I recently returned from the Education Innovation Summit at Arizona State University, an annual gathering known as “Davos in the Desert,” that brings together some 2,000 entrepreneurs, investors, and policymakers from around the word.
This was my fourth year at the event, and this time there was a sense among some of the veterans of the conference that the pace of innovation in education seems to have slowed. Most of the talk around change these days, particularly in higher education, quickly devolves into debates between traditionalists (who want to hang on to the old model at all costs) and disrupters (who want to totally throw out everything we’ve learned about education over the centuries), with little agreement in the middle.
As a result, big ideas for change in education have yet to take hold in any meaningful way. A few years ago, there was plenty of excitement at the Arizona conference and elsewhere over the potential for Massive Open Online Courses, or MOOCs, to offer education at scale around the world. But that excitement (most of it early hype) has died, which is probably good for the long-term development of any new idea.
Remember the early days of the Web? “No one knew what web search would become in 1998,” Ryan Baker, a professor of cognitive studies at Columbia University who has taught a MOOC, told me. “We had Infoseek and Altavista, and Yahoo tried to do it like a phone book. And then Google came along and that’s how we remember search today.”
So what are the big ideas for the future of higher education that are being talked about today and could end up outlasting the hype cycle? Here are five possibilities:
The university for life. It used to be that we could go to college at 18, graduate at 22, and then remain employed for the next 40-plus years with that knowledge, and mostly in one career and perhaps with one employer. Not only are we living longer today, but the average worker changes jobs every four years. In the future, university education will need to be accessed in small chunks throughout our lifetimes, much like we use a YouTube video to figure out a recipe or the Khan Academy to brush up on high-school math. Instead of only degree programs and courses, universities will increasingly offer smaller and smaller slices of education when we need it throughout our lifetimes.
Delayed starts. Most students are not ready for college at 18, yet in most countries we don’t have anymore else to put them, so campuses become convenient warehouses. But as the price of higher education continues to rise, more alternative pathways to college will take hold, whether jobs or national service, allowing students to gain valuable experience, as well as money and perhaps even some college credits.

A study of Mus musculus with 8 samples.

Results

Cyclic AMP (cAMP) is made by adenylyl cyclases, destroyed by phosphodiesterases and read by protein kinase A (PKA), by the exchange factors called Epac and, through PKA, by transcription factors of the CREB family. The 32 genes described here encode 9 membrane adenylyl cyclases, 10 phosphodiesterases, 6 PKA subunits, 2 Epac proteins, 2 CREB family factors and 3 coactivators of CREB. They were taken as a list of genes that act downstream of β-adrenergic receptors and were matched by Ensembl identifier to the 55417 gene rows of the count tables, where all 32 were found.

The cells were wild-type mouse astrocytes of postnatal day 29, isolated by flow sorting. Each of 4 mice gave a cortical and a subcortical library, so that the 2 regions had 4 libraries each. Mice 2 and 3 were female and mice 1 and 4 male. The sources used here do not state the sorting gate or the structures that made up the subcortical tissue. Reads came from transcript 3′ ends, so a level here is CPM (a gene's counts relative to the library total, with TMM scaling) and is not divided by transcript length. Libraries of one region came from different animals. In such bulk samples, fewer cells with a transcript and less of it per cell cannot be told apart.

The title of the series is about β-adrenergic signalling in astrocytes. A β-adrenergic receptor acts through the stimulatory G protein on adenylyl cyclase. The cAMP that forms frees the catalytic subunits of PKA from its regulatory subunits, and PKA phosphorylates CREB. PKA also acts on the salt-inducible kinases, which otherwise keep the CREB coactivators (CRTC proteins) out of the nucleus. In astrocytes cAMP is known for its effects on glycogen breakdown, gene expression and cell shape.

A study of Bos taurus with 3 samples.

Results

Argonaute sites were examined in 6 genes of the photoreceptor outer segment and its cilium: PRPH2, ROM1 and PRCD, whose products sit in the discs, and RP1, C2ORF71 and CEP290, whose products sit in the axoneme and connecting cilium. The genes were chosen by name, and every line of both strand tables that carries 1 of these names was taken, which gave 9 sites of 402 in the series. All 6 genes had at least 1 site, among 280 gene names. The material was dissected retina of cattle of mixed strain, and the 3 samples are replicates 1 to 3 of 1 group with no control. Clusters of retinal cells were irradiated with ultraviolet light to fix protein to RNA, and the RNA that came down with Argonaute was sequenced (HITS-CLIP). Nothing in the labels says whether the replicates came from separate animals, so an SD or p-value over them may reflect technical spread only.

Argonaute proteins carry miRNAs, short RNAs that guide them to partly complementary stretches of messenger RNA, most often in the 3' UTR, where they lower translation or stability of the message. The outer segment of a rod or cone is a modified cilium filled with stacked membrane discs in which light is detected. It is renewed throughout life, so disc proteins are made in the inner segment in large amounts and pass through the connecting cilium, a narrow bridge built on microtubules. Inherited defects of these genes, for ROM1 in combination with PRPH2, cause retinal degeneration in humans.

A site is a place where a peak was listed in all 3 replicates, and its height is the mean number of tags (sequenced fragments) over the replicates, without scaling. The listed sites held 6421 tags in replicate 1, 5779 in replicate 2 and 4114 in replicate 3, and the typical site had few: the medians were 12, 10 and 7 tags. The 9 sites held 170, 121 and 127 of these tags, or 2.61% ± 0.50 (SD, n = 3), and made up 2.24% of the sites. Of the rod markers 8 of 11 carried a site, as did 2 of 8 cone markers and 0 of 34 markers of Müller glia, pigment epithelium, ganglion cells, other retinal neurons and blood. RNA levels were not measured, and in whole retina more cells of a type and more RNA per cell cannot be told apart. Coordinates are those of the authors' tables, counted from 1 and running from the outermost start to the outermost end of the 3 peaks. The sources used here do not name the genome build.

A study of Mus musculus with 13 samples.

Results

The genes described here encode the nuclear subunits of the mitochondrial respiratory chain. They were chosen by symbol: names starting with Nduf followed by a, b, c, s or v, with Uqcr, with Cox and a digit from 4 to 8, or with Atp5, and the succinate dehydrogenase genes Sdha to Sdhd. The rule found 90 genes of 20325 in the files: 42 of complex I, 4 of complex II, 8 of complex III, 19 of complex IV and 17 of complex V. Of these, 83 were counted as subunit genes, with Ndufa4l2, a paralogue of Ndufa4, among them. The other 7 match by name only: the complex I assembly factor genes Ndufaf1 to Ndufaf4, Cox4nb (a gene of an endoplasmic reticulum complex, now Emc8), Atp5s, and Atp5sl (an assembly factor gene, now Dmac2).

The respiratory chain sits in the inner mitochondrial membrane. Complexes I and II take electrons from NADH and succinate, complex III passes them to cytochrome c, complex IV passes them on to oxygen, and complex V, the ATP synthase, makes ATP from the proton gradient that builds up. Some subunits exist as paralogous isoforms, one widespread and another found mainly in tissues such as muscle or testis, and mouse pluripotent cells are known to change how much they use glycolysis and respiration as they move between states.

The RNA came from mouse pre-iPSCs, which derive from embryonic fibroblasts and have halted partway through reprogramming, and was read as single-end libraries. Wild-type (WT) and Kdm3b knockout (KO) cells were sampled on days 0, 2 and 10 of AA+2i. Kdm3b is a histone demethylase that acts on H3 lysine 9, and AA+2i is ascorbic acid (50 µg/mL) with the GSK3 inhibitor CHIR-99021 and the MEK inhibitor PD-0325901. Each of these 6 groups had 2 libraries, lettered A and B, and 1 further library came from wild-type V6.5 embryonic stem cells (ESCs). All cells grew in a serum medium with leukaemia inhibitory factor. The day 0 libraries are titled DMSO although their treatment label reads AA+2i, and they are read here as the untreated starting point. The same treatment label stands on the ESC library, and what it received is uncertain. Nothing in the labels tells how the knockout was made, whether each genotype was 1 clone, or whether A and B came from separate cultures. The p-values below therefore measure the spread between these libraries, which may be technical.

Student segmentation. As higher education is accessed throughout our lifetimes, universities will end up serving a broader array of students who are coming to campuses for vastly different reasons. A new study by the Parthenon Group, a consulting firm, has found that students have vastly different reasons for going to college that transcend demographics. The study, based on a survey of 3,200 students in college or considering enrolling, divides the market into six categories based on their motivations. Today, most colleges try to serve them all in the same way, a one-size-fits-all, expensive experience. In the future, the colleges that want to survive will be forced to serve only one or two segments with specialized offerings that appeal to their motivations.
Personalized education. The talk at the Arizona summit was about adaptive learning, where teaching is tuned to the individual needs of the student, not the average student in the classroom. Personalized learning remains the big promise for higher education because it could be the innovation that truly bends the cost curve by reducing the time to a degree.
Hybrid learning. While online education won’t make campuses extinct in the near future, it will play a growing role at traditional schools by giving students more options to take classes outside of their home institution, accelerating the pace to completing a degree, or serving as a supplement to a face-to-face course. Take the University of Central Florida, where each year 60 percent of students take an online or hybrid course, or nearby Rollins College, which is part of a group of 16 colleges in several states where a professor on one campus teaches a course shared through video conferencing with the others.
The tech sector is impatient with change in higher education because they are accustomed to releasing new products every few years. But the truth about change in higher education is that we tend to overestimate its speed while underestimating its reach. So a note to those inpatient with the pace of change: just give it time.
Jeffrey J. Selingo is author of College (Un)Bound: The Future of Higher Education and What it Means for Students and a contributing editor to The Chronicle of Higher Education.